Judge assails Rocketdyne cleanup
Environmental activists won a major victory Wednesday when a judge declared that the U.S. Department of Energy continues to violate federal law in its cleanup of nuclear and chemical contamination at Boeing’s Rocketdyne field laboratory near Simi Valley.
U.S. District Judge Samuel Conti also barred the DOE from transferring ownership of its Santa Susana property until it conducts a more thorough environmental review of its cleanup operations at the former nuclear and rocket engine testing facility.
“The Bush administration was trying to cut corners at the expense of public health, and the judge wasn’t having any of it,” said James Birkelund, a Los Angeles-based attorney for the lead plaintiff, the Natural Resources Defense Council.
Boeing Corp. spokeswoman Blythe Jameson said the company, which sold the remainder of the Rocketdyne assets in 2005 to United Technologies Corp.'s Pratt & Whitney unit for about $700 million, would withhold comment on the court ruling. Boeing still owns the 2,800-acre hilltop property that contains the lab.
“It’s just been issued and we’re reviewing the court’s decision,” Jameson said.
But Daniel Hirsch, president of the anti-nuclear group Committee to Bridge the Gap, a co-plaintiff in the lawsuit, said that nowhere in the 47-page ruling did the judge side with the DOE, and by extension the property owner, Boeing, which purchased the field lab 11 years ago.
“What the judge is essentially saying to the DOE is: ‘You guys have really fouled up this cleanup; you’ve broken the law repeatedly. And I’m going to retain jurisdiction until I’m satisfied that you’ve met your obligations to clean up the mess you’ve made.’ ”
The two nonprofit environmental groups sued the Energy Department alleging that the cleanup plan for the property -- where U.S. agencies conducted nuclear research over four decades before ceasing operations in the late 1980s -- would leave dangerous levels of radioactive material and other toxic chemicals in the soil.
Energy Department officials have said that the site, where a nuclear reactor meltdown occurred in 1959, would pose no significant threat to human health or the environment after it is cleaned up. But critics and watchdog groups have demanded that a full environmental impact statement be prepared and that the site be cleaned up to tougher U.S. Environmental Protection Agency standards, which would require removal of tens of thousands of cubic yards of contaminated soil.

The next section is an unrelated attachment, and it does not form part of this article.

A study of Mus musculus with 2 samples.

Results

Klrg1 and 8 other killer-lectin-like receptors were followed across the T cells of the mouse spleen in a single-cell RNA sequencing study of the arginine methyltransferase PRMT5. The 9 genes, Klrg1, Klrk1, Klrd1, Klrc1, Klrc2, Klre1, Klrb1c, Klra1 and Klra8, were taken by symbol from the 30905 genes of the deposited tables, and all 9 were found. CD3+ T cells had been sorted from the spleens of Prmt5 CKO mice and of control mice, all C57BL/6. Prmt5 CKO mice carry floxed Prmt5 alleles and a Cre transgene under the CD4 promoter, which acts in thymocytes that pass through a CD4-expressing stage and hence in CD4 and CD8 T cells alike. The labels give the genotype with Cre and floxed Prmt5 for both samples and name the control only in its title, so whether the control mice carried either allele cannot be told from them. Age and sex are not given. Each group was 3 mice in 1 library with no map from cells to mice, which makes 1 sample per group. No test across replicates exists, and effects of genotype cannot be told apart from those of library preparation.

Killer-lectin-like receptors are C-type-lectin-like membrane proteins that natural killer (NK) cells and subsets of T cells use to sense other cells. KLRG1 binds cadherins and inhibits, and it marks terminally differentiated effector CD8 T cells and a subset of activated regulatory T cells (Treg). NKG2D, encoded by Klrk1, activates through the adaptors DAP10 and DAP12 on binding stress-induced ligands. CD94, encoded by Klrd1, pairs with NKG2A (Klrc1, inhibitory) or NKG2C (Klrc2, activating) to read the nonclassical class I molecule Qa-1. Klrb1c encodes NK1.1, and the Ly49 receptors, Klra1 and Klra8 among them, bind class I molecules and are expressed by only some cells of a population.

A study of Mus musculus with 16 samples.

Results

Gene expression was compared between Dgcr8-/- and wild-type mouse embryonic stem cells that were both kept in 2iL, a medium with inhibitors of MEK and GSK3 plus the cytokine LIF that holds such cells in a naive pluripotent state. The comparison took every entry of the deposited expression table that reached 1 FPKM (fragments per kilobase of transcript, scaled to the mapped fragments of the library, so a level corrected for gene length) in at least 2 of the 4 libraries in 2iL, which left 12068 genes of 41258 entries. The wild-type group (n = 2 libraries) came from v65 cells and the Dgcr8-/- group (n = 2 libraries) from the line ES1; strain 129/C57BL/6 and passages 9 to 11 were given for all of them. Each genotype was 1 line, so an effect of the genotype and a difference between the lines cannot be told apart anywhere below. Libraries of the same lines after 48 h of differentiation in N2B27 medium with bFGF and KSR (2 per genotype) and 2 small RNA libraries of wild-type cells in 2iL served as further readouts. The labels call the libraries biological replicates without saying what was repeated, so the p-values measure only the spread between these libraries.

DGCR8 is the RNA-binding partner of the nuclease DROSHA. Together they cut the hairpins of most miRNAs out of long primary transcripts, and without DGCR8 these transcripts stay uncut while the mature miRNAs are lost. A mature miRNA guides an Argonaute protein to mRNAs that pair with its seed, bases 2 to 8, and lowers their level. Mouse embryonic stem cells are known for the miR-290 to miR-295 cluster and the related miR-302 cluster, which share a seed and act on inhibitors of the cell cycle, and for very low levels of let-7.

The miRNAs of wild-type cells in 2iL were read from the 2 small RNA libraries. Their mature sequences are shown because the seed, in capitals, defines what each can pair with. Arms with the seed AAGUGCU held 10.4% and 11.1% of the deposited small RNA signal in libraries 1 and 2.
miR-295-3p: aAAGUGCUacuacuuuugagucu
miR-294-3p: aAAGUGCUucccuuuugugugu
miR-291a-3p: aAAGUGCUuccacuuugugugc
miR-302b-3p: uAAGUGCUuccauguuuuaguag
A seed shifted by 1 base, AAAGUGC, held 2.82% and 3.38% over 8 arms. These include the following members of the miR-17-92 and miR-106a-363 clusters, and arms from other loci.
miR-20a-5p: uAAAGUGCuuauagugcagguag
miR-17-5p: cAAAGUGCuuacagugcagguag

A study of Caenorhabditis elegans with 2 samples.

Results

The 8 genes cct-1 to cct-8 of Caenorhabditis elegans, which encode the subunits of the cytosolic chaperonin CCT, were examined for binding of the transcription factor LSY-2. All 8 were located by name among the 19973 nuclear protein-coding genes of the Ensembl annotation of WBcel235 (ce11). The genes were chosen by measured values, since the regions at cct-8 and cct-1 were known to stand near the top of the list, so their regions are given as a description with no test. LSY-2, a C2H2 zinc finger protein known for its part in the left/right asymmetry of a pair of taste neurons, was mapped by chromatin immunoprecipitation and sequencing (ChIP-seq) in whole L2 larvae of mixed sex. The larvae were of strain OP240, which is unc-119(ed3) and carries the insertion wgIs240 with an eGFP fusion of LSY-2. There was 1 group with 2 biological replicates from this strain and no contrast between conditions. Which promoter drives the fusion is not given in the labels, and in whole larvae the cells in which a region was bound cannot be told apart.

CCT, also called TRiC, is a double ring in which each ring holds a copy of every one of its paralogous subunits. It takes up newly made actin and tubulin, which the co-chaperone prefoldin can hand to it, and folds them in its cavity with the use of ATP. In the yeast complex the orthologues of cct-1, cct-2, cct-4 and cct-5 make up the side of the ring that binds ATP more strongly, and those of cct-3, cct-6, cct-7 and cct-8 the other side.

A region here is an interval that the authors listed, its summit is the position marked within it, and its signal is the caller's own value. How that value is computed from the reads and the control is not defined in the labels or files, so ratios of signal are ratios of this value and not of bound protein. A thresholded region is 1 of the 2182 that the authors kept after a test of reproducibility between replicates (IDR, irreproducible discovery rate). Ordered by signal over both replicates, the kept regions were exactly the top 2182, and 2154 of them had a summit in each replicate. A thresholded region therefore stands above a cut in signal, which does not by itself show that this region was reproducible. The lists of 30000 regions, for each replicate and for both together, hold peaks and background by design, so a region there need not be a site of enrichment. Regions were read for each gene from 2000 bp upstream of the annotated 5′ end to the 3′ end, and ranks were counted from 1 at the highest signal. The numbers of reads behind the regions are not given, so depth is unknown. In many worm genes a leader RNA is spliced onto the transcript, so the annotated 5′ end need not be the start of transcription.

Conti’s ruling requires DOE to prepare a more stringent review of the lab, which is on the border of Los Angeles County. Conti wrote that the department’s decision to prepare a less-stringent environmental document prior to cleanup is in violation of the National Environmental Policy Act and noted that the lab “is located only miles away from one of the largest population centers in the world.”
U.S. Sen. Dianne Feinstein (D-Calif.) and her colleague Sen. Barbara Boxer (D-Calif.), chairwoman of the Senate Committee on Environment and Public Works who has been pushing for more stringent cleanup of the site, praised the judge’s decision.
“On behalf of the people who live near Rocketdyne, I am so gratified that the court has found in their favor,” Boxer said. “It is our solemn duty in government to protect the health and safety of the people we represent.”
Hirsch and others said the DOE and Boeing appear to have accelerated the cleanup in recent months.
Critics suggest the rush was to get the Rocketdyne site declared officially “clean” before the Bush administration leaves office, fearing the next president may be tougher on environmental polluters.
Last month, the EPA announced that it would reconsider its decision not to add the Santa Susana Field Laboratory to its federal Superfund cleanup list.
The designation would provide more federal funding.
State Sen. Sheila Kuehl (D-Santa Monica) said she welcomed the consideration.
“Overall, the attention focused on this site by the EPA is very important. It rattles a few cages.”